Since the publication of my last column, “Switch to digital LSAT will exacerbate inequities, lacks foresight,” I managed to garner the attention of not only the Rutgers University Office of the Provost, but also the Law School Admission Council (LSAC) executive team, including its vice president.
It was the fourth quarter, with only 1:32 left.
Many of the same economic faults that predicated the 2008 crisis have returned.
It is built on a deck hanging over Route 18 and faces the Raritan River. Supposedly, Deiner Park exists to “integrate” the College Avenue campus with the river via a bridge built over Route 18 that leads to a footpath.
University President Robert L. Barchi garnered considerable attention earlier this week after committing to developing a carbon neutral initiative.
So there I was, smack in the middle of the Rutgers Athletic Center trying to find the ticket to my first internship.
While the UN has only recognized more than 600 abuse claims in the last five years, the charity Hear Their Cries estimates that UN staff could be responsible for 60,000 sexual crimes over the last decade. Although 561 UN personnel have been involved in the 600 officially recognized abuse claims, only 30 have been put in prison.
To the credit of younger generations, there is an increasing awareness about mental health issues in the United States and the world.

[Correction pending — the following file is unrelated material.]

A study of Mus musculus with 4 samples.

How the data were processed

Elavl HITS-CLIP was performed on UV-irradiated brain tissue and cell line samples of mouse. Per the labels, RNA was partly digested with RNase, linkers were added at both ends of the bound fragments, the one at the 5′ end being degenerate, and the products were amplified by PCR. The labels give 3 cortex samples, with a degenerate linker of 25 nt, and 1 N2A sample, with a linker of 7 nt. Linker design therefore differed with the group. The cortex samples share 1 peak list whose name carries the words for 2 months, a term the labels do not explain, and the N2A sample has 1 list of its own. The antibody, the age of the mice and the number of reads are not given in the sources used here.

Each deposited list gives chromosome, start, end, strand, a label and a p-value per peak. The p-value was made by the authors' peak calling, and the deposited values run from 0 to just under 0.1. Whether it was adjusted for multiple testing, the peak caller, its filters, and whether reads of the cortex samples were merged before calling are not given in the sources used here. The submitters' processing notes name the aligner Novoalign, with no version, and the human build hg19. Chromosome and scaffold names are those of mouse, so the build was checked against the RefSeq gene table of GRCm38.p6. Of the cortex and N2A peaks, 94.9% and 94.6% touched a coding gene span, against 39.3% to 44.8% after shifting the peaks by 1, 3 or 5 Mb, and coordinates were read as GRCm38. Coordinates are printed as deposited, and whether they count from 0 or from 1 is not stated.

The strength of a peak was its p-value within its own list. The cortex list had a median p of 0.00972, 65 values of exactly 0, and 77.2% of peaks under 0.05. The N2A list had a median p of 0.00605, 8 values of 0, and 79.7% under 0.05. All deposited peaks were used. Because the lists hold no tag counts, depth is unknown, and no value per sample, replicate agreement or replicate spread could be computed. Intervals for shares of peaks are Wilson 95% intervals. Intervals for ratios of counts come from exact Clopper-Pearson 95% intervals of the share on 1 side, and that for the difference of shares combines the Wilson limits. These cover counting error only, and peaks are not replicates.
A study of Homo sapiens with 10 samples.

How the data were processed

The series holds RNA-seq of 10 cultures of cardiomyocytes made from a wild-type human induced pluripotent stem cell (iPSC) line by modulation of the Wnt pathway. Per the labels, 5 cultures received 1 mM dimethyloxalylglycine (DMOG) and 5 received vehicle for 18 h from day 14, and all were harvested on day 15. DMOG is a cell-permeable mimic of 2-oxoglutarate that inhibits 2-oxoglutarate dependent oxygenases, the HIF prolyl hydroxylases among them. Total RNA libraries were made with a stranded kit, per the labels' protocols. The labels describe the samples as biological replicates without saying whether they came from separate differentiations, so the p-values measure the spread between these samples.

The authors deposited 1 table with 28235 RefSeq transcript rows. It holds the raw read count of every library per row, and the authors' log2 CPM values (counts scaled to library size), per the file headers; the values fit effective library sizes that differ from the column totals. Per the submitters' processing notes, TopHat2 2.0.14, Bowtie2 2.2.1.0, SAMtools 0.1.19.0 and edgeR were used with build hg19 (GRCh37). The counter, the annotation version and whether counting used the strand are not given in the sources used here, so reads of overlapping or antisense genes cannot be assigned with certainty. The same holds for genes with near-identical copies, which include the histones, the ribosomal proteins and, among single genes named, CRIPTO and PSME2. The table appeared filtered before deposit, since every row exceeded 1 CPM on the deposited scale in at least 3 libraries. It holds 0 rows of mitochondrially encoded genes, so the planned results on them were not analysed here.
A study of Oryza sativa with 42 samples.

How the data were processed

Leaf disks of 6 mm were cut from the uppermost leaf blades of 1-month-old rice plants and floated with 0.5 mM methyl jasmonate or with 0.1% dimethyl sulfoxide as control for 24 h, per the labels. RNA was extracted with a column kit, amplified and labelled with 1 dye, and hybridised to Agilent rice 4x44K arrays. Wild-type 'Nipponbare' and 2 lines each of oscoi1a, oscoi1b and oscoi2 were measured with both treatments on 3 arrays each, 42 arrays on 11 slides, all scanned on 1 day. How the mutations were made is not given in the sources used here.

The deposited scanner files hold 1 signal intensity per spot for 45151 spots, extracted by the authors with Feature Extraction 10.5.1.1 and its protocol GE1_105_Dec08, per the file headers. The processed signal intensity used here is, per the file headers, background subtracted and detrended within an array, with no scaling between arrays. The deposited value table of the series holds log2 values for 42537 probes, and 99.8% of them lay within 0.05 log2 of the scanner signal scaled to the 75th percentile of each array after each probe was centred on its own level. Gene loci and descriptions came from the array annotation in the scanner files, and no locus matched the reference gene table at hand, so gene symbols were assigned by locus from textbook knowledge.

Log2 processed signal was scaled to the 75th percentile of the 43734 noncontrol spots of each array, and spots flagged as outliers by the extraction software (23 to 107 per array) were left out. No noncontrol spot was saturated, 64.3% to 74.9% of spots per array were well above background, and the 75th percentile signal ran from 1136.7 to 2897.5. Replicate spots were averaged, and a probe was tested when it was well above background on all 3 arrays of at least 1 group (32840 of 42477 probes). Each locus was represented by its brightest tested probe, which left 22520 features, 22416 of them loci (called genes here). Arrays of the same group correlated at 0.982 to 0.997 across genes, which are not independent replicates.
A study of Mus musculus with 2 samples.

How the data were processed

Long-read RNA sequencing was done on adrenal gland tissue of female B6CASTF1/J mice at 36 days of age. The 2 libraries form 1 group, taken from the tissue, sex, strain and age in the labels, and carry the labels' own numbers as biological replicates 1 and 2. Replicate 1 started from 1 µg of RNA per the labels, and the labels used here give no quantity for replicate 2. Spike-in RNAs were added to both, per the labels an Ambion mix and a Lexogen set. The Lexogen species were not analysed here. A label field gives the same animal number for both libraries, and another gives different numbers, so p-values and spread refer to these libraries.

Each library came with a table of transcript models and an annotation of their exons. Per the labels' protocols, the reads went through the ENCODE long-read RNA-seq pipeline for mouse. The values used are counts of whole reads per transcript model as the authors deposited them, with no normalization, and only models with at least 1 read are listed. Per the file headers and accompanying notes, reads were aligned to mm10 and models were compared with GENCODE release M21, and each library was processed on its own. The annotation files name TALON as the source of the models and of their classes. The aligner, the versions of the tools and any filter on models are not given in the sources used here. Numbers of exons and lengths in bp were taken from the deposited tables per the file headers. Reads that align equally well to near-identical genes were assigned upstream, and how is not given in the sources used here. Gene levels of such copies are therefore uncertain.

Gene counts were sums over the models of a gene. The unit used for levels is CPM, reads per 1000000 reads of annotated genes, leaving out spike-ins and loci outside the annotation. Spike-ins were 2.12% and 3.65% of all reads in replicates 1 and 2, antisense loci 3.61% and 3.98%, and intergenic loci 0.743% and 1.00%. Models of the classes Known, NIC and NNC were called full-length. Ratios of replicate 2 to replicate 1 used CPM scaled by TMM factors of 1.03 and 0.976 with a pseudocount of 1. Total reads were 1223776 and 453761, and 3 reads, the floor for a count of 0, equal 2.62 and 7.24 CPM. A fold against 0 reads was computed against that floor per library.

Addictions come in all different shapes and sizes, from opioids to cigarettes to modern-day addictions such as social media. But today I want to discuss a current fad that actually started with good intentions: the vape.
“My message is that we’ll be watching you.” There is nervous laughter and applause from the audience. That is how the speech of Greta Thunberg began at the recent United Nations Climate Action Summit.
Let us get one thing out of the way: Psychedelic drugs and the American government do not have a great history with each other.
Mainstream political consciousness and the discourse it has begotten is deeply concerned with issues not of efficiency, but of morality.
Whereas the use of artificial intelligence in areas like healthcare, self-driving cars and surveillance might stir unrest among concerned members of the population, the increased use of Artificial Intelligence (AI) in the military should be deeply unsettling for anyone with the capacity to anticipate long-term consequences of AI-assisted warfare.
Particularly on college campuses, e-cigarettes, vapes and juuls have become some of the most common sights and have virtually eliminated the presence of traditional cigarettes. For our purposes, we can define e-cigarettes as “battery-operated devices that people use to inhale an aerosol, which typically contains nicotine, flavorings and other chemicals,” including vaping tools.
This week, seniors across America took a step toward understanding their futures. Some young adults will take time off, begin working or go to a vocational school. But most of these high schoolers — approximately 70% of them — will decide to attend college.
Never in a million years did I think I would get the opportunity to live on campus. This may come as a surprise to many readers.
Since the start of college this year, multiple friends and new people I met expressed their desire to quit “juuling,” a type of vaping with the product JUUL. It had been controlling their thoughts and the way that they spend their money. Some had developed coughs, some developed severe withdrawal symptoms.